If you’re like most Excel users, you’re likely self-taught. Nothing wrong with that, I got here in the same fashion. However, from my perspective many users learn enough about Excel to wield it as a hammer when often more nuanced approaches are more appropriate. In this article I’ll give you several ways that you can transform text without retyping a thing.
Let’s say that you’ve inherited a list of data such as shown in Figure 1. You’ve been assigned several tasks:
Convert the dates in column A into something usable
Separate the account numbers into column B into three columns
Eliminate the capital letters in column C.
Figure 1:You can use various techniques in Excel to transform text.
We’ll tackle each of these one at a time. The first thing to know is never, not ever, do you start retyping this data into separate columns. There’s any number of ways to accomplish the above tasks. We could use the DATEVALUE function to tackle column A, and we could use some combination of LEFT/RIGHT/MID to break up column C, but those two columns don’t require formulas. Instead, select column A and then fire up the Text to Columns wizard on the Data tab or menu in any version of Excel:
In this context it doesn’t matter what you choose on the first step of the wizard, so just click Next.
Since we’re converting dates, there’s nothing to see on the second tab of the wizard either, so click Next again.
The third screen of the wizard is the place to be at the moment. Choose Date, and then select the format that your dates are currently in. Don’t make a rookie mistake and choose MDY here, that’s what you want to get to, but at the moment it’s in YMD. Choose that, click OK, and head out for a latte.
Figure 2:Use the Text to Columns wizard to convert the dates in column A into a usable format.
Oh, you’re back for more? Let’s do this then. Click on column B, and then crank up the Text to Columns wizard again, and then:
Take a moment to choose Delimited on the first tab of the wizard. Yeah, you can argue with me that this data is fixed-width, but there’s a method to my madness here, which I’ll reveal after you click Next.
Tag that checkbox labeled Other, and then type a dash in the space. Keep in mind that even though it looks like you could type a couple of letters here, you can only do one, so click Next and move on.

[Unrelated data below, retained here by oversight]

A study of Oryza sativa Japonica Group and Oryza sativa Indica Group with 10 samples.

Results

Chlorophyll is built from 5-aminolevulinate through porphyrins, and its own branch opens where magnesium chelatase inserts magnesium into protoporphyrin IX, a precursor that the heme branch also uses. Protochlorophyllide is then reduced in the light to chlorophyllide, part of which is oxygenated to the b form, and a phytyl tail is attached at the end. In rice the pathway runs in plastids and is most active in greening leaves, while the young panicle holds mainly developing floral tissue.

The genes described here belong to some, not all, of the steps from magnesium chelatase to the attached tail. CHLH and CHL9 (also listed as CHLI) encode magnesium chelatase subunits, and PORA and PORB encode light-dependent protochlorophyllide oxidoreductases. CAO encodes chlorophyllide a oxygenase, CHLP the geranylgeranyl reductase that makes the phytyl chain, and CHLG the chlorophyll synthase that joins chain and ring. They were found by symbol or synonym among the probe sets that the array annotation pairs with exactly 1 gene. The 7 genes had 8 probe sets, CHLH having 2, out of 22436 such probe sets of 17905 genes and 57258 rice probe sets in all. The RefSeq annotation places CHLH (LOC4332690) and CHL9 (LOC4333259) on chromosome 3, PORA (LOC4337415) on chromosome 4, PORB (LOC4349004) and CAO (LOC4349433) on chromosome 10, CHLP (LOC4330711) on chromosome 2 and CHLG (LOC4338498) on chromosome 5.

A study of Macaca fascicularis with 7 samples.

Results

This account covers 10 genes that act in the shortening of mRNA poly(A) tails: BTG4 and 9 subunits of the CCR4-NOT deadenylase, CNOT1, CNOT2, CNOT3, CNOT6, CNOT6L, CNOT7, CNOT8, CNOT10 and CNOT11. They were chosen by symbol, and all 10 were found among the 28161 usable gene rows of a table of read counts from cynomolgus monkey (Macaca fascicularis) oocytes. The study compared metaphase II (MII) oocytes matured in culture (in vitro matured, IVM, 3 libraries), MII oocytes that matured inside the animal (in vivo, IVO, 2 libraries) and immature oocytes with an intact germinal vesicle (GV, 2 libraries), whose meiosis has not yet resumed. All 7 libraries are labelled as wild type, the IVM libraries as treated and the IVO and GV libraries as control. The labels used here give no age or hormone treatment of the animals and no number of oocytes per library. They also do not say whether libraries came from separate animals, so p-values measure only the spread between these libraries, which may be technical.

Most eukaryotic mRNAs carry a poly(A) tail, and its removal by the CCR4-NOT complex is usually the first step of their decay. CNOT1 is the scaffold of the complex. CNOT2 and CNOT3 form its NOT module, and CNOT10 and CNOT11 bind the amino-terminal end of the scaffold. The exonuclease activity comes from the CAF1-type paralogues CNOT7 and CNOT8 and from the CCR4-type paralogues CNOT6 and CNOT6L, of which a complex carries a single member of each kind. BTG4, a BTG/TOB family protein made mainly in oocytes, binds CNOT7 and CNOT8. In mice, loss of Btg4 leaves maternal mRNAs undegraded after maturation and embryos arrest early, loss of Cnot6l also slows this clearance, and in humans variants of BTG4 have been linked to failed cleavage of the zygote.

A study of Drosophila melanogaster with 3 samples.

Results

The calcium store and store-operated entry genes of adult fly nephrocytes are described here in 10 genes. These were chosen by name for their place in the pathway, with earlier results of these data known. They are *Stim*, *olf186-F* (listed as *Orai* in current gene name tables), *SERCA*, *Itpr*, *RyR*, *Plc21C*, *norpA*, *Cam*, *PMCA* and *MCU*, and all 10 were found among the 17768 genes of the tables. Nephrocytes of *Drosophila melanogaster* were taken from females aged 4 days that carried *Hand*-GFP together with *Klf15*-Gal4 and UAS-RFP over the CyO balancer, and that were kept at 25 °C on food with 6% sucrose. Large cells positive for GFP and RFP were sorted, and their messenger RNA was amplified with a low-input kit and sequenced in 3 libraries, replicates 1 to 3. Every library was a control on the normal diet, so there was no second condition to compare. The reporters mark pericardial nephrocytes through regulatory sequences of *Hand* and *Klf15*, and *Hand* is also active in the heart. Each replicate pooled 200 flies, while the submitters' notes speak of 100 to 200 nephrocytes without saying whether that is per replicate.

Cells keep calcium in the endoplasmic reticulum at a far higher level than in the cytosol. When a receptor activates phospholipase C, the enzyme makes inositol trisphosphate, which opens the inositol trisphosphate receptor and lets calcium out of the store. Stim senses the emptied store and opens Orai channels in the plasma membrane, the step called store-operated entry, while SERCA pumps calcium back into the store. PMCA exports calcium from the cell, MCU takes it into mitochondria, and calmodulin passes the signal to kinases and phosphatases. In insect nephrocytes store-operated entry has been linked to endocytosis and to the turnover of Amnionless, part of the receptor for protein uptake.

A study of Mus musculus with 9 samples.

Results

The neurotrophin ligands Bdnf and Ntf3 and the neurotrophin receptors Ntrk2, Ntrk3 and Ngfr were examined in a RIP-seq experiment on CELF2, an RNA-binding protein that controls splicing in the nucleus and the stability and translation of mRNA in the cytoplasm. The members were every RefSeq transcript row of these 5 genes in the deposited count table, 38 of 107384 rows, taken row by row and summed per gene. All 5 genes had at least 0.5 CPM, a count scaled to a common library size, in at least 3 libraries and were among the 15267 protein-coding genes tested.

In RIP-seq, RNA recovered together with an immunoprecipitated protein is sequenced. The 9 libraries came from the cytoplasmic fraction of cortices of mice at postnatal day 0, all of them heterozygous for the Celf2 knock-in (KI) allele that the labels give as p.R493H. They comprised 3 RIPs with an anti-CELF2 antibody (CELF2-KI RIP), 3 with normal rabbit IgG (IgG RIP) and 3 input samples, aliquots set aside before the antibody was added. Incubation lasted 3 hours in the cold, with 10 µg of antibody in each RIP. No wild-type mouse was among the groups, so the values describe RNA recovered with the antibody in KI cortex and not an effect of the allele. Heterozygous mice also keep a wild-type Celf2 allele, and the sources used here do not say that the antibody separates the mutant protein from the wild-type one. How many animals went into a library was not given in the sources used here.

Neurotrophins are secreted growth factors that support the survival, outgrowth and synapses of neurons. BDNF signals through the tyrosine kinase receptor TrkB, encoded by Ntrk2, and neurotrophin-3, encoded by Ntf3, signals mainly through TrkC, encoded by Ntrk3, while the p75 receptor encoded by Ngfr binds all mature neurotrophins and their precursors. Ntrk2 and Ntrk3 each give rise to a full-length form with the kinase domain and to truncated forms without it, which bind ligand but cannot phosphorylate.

If you get in a rush and press the Enter key here you’ll inadvertently overwrite the data in column C, as shown by the error prompt in Figure 3. So, slow down there and change the Destination to cell D1, and then you can click Finish.
Voila, as shown in Figure 4 you’ve done gone and busted up that account number. Time for a cruller to accompany the latte.
Figure 3:If you press the Enter key or click Finish before changing the Destination location, you will receive this error prompt.
Figure 4:Use the Text to Columns wizard to separate the account numbers into three columns.
You say I forgot column C? No, not at all. Now if we were using say Word, Outlook, or even PowerPoint we could select a block of text and then press Shift-F3 a time or two to toggle the case of those words. And there’s nothing stopping you from grabbing that column, blasting it into a blank Word document, using Shift-F3, and then putting the data back. Feels like a lot of trouble? It could yet be the path of least resistance once I show you how Excel rolls.
In cell G2 type this formula:
Click back in cell G2 and then double-click that little notch in the right-hand corner known as the Fill Handle, which will copy the formula down the rest of the column—but you knew that already. Select column G, press Ctrl-V, right-click on cell G1, and choose Values.
Notice in cells F3 some of the quirks that the Proper function exhibits: the next letter after an apostrophe gets capitalized. Not a bad deal when your name is O’Callahan, but rather annoying when the text is something like Bob’s TV Service. Speaking thereof, no matter if you’re using Word or Excel, when transforming text either Shift-F3 or the PROPER function is only going to get you about 95% there. You’ll need to scan the text and manually fix the faux pas that appear. Of course, one shortcut is to press Ctrl-F, search ‘S and replace it with ‘s, as shown in Figure 5. Just don’t hit Replace All unless you’re sure there’s not an O’Shaunnessey on the list.
Figure 5:Use the PROPER function to get rid of excessive capital letters. Use the Find and Replace feature to fix the ‘S that occur from the PROPER function.
About the author:
David H. Ringstrom, CPA, heads up Accounting Advisors, Inc., an Atlanta-based software and database consulting firm providing training and consulting services nationwide. Contact David at firstname.lastname@example.org or follow him on Twitter. David speaks at conferences about Microsoft Excel, teaches webcasts for CPE Link, and writes freelance articles on Excel for AccountingWEB, Going Concern, et.al.